Borders have always been a great form of creativity for textile pattern and decoration enthusiasts. Whether it be constructed or printed, the border has given an extra dimension to textile pieces, be it costume, personal or domestic. This is particularly so with embellishment, through either embroidery proper or appliqu. It is embroidery that was often specifically chosen as a finishing touch to an outfit or domestic textile piece.
Appreciating the technical skill that produces the visual power that an embellished edge can have, the four pieces that are illustrated in this article all come from the 1850s. There is no particular reason for this apart from the fact that coming across them recently one can only admire the decoration. The point being that embellished decorative borders can more or less come from any corner of the planet, from any culture and from any era, including our own present contemporary one.
Sometimes while pointing out the decorative textile work of a particular era one may wonder it to be only one moment in time and only a snapshot of a continual creative journey, one that has taken us from our very earliest scrapings on rock or bone, to where we are today with millions of individuals producing their own unique creative work, following their own creative journey, in any number of disciplines and with an infinite variety of materials.
So in many respects, one piece of embroidery work can never really be seen fully without the context of its culture and time. However, on the other hand sometimes it can do us good to stop for a moment and just stare. Anyone can admire and revel in the power of pattern and decoration, or be enthralled with the technical skill and dexterity of one decorative piece without knowing anything about the specific culture, individual or time frame.
In this way, it can be like looking at something for the first time, like the wonder that comes from the experience of a child as they view a place or object for the first time. We sometimes want to know too much about a thing, where was it made, how it was made, its age, geographical provenance, even its name if it has one. Often, in the grand scheme of things it doesn't really matter. What does matter ultimately is the sensory experience. If an embroidered border made you use more than one of your senses, then it perhaps has done its job.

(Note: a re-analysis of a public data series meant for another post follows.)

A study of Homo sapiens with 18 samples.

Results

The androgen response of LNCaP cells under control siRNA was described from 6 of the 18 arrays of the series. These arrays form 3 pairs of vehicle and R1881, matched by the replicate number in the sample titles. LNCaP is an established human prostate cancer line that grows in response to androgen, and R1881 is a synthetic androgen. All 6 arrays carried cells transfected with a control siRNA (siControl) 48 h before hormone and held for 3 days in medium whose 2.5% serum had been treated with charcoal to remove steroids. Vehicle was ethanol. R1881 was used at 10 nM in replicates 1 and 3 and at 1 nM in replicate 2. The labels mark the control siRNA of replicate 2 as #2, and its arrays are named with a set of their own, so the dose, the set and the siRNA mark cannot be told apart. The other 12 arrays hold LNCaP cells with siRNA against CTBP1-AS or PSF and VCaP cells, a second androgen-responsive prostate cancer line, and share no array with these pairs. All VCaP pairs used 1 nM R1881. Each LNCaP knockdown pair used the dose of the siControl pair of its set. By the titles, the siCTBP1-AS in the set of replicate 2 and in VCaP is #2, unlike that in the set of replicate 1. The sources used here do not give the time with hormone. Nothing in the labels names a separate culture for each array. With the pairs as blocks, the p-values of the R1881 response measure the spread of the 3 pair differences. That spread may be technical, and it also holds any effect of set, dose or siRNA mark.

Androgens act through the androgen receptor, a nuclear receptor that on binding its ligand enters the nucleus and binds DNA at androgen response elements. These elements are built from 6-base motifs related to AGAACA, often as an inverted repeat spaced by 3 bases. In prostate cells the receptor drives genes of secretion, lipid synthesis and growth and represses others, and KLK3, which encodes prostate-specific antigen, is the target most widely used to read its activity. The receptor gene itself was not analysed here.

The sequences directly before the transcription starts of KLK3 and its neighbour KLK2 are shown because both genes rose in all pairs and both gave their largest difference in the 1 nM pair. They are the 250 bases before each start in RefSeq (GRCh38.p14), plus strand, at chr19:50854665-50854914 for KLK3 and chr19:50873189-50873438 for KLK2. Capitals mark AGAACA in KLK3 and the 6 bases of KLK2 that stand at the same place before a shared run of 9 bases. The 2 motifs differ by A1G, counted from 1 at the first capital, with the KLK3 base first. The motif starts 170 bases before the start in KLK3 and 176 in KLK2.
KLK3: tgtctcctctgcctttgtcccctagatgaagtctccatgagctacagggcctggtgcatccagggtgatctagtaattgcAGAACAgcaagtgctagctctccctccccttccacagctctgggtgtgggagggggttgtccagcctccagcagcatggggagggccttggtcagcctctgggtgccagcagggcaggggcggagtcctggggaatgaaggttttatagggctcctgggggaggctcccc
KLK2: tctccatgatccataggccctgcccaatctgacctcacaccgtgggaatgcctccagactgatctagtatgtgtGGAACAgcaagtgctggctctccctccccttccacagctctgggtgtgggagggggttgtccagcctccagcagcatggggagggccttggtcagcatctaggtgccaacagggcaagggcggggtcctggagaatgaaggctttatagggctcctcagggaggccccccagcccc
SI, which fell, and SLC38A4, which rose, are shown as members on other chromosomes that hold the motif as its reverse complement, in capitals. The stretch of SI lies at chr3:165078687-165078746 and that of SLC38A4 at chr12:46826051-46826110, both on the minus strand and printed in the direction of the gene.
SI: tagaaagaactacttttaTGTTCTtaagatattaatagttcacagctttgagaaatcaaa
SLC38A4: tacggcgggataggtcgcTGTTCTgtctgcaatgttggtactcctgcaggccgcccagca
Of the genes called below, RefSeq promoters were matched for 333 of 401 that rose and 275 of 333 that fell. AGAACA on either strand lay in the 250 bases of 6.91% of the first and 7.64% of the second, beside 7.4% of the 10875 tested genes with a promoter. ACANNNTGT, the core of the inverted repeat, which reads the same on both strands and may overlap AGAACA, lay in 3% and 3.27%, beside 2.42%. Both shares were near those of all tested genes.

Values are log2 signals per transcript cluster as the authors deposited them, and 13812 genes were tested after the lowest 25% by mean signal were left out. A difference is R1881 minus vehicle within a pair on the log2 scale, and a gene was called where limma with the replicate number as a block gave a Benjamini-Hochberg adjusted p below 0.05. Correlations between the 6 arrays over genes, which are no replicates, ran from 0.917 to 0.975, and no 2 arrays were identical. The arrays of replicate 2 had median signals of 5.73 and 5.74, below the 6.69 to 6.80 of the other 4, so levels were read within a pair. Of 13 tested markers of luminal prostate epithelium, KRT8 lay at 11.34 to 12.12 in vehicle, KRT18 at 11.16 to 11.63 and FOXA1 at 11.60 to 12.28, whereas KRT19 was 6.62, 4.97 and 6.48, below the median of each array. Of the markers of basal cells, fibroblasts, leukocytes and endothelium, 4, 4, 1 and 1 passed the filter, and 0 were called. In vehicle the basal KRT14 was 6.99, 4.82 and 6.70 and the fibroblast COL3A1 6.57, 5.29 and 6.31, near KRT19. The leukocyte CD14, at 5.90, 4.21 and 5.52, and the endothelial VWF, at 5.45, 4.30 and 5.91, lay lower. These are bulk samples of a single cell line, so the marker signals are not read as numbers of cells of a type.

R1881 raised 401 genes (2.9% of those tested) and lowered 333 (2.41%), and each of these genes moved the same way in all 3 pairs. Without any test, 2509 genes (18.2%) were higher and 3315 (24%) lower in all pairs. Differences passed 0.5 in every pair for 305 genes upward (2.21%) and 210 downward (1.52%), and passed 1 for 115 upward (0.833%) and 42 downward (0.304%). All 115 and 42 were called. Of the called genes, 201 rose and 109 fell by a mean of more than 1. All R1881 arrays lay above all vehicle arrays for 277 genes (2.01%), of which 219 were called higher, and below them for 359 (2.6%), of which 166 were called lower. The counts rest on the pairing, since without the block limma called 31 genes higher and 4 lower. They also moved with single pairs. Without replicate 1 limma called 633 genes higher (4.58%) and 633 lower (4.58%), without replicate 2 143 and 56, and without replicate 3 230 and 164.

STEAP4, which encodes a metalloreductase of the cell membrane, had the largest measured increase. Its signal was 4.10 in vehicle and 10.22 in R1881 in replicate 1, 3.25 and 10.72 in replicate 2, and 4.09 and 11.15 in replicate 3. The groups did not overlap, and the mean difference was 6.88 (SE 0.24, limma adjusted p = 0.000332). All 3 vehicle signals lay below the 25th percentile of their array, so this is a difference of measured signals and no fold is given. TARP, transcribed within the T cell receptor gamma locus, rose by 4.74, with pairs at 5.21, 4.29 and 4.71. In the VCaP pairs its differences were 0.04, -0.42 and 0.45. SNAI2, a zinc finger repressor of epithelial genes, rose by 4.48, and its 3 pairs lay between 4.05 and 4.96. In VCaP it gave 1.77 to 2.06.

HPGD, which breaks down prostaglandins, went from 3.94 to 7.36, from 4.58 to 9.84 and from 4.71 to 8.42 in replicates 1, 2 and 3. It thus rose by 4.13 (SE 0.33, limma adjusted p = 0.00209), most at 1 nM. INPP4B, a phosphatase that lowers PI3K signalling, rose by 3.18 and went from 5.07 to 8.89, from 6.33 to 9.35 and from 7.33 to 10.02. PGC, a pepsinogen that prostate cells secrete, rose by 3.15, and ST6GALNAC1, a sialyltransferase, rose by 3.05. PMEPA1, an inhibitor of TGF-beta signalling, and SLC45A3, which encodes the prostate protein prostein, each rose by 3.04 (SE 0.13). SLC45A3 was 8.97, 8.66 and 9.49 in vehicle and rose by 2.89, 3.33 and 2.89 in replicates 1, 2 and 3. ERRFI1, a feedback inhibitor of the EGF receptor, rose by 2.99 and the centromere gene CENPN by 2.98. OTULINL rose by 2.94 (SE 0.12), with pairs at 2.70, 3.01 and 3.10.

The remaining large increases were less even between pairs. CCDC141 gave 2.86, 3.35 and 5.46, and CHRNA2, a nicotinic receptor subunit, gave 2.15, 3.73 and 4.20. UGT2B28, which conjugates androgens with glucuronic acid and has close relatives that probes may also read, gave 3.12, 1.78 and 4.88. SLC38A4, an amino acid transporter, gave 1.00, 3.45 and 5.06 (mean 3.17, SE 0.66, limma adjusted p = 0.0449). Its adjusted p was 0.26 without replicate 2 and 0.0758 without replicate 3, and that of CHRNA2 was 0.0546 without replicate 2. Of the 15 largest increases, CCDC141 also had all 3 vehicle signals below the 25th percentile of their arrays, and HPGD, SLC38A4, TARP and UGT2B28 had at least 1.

This article is about how embroidery borders were used to deliberately enhance an item, to make it seem somehow more precious, attractive, and desirable even, but textile embellishment seems so much more than that. Embroidery was often imbued with spiritual significance with pattern work projecting, through symbolism, ways to protect or enhance the individual and through them the community.
However, it was also about the individual maker, most of who were and still are, unknown. Whether that individual maker followed a set pattern as in the illustrations shown, or followed a cultural pattern through the copying, generation after generation of a set style that identified a community, or expanded into the world of unique creativity following a path that no one had set out beforehand, it is the hand and the eye, the needle and the thread, the creative and the experience that are paramount. Whether we see a decorative piece in its historical moment, whether we know its technical details, whether we even know the individual maker, or not, what is really important?
It is the moment of first experience to see a creative life as being made up of a seemingly endless display of first experiences. In the manmade world these can be anything from the pattern on a manhole cover, a torn fragment of patterned textile, a selection of decorative buttons, a crocheted blanket, or indeed an embroidered border, the list is really endless. As far as the natural world is concerned, the list may well be even longer and the experience more profound, whether it be the dappling shadow of leaves, the buzzing of insects, the sound of a birds wings as it makes its way across your field of vision, or the crashing of the ocean waves as they crash along the shore.
We are constantly looking, examining, and describing objects and themes to ourselves, whether in the artificial or natural world. In that respect, an embroidered piece of embellishment becomes another experience, something to suck into the psyche to perhaps use creatively at some point in the future.
Although our contemporary world of instant picture access such as Instagram, and our seemingly endless picture corralling at Pinterest and Tumblr are often criticised by those who see the end of civilization in site, this is what creative people have been doing for generations, collating and banking visual experiences inside their heads, that the rest of the world is now seeing the relevance of using your eyes to see the world more clearly and more holistically, can only ever be a good thing.
This article was originally published in the Design, Decoration and Craft at the Textile Blog.